Orson Scott Card is one of the true stars of SF and fantasy writing. His Ender saga and Homecoming series have won both the Hugo and Nebula awards, and his books make regular sorties into the bestseller lists - last year's ENDER'S SHADOW proving no exception. This month sees the publication of its stunning follow-up, THE SHADOW OF THE HEGEMON, as well as the reissue of the first three Tales of Alvin Maker. And somehow Orson has still found the time to chat with us.
Who or what inspired you to become a writer?
There are two reasons why anyone becomes a writer. One is: "That book was so good, I want to be a writer so I can create something like that". The other is: "If that piece of crap can get published, then I sure can". I think the second motive is the more productive one, for instead of imitating you'll be forging your own path. The truth is, both motives have some part in every writer - a love of literature mixed with contempt for or resentment of certain rules or schools of thought.
Did you have any other jobs prior to becoming a full-time writer?
I was a copy-editor and rewriter for a university press and a religious magazine. There's no better training than trying to find the core of someone else's idea and restructuring it so it will actually work. And by being a copy-editor, I learned all the rules that I now break when it suits my purpose.
Of the books you have written, do you have a favourite?
Every book was the best I could do at the time I wrote it, and every book was a story I still care about and believe in. There are personal connections, though, which make some of them have a particular sentimental connection. For instance, Lost Boys is my only semi-autobiographical work, so it brings back a couple of important years in my family's past. Saints is the story of my ancestors. Enchantment may be my best novel, period; Pastwatch: The Redemption of Christopher Columbus may be my best science fiction novel; the Alvin Maker books are a pure joy to write; the Homecoming series was my reinvention of a story that is very important in my life, and I think it absolutely succeeded; Hart's Hope may be my very best writing (though it's also my darkest book); and so on, and so on. By the time I'm through with a list of "favourites," I usually end up having listed every book I wrote ...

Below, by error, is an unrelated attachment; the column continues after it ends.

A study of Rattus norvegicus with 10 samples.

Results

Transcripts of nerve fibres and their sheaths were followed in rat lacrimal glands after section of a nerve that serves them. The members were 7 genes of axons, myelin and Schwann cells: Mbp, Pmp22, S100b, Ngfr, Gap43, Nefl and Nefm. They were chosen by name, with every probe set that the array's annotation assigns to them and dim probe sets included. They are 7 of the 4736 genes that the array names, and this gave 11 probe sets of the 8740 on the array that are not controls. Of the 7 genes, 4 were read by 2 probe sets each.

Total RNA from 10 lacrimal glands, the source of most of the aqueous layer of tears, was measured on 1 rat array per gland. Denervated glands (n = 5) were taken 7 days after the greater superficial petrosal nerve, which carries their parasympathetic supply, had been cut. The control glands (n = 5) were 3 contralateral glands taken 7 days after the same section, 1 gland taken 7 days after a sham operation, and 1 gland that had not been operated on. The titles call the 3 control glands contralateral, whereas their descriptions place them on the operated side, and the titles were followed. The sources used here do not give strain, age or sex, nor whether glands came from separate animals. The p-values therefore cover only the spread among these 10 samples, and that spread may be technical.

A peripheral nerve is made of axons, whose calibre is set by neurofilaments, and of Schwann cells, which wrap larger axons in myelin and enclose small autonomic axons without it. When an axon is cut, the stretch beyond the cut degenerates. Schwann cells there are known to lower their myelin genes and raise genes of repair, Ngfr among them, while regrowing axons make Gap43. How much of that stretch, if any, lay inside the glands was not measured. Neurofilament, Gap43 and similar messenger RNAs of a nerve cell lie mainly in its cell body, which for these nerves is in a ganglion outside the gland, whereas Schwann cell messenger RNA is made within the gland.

What is your favourite book?
My favourite all-time work of fiction: Lord of the Rings. My favourite all-time nonfiction book: Guns, Germs, and Steel. Ask me again next week, you'll get a different answer. My favourite recently-read novel: Sean Stewart's "Nobody's Son"; my favourite recently-read nonfiction was a new biography of Benjamin Franklin.
Who is your favourite contemporary author?
My favourite contemporary author is Richard Russo. He doesn't write enough, however, so in between I look for books by Ann Tyler, Sue Grafton, James Lee Burke, Robin Hobb, George R.R. Martin, Robert Crais, Robert Parker, Dave Wolverton/David Farland, Octavia Butler, Lisa Goldstein, Jane Yolen, Charles deLint, William Sleator, Robert Cormier, William Goldman, Stephen Saylor ... these are writers that are dependably excellent. And the list of dead authors that are worth discovering or rereading is even longer.
What book would you make compulsory reading?
I would punish elitist English professors by making them read Ulysses over and over until they admit that it's a long, well-written joke on literature. I would require people who think they hate science fiction to read Octavia Butler's Xenogenesis trilogy. I would require people who read only science fiction to read Nobody's Fool by Richard Russo or Dinner at the Homesick Restaurant by Ann Tyler. And I would require people who never read at all to read William Goldman's The Princess Bride or Robert Cormier's I Am the Cheese. In truth, though, the world would be a better place if everybody just read Leonard Pitts's book on fatherhood.
Copyright© 2002 Orbit
. All rights reserved. No part of this may be reproduced or reprinted without permission in writing from the publisher. The interview has been provided by Orbit
and is printed with their permission.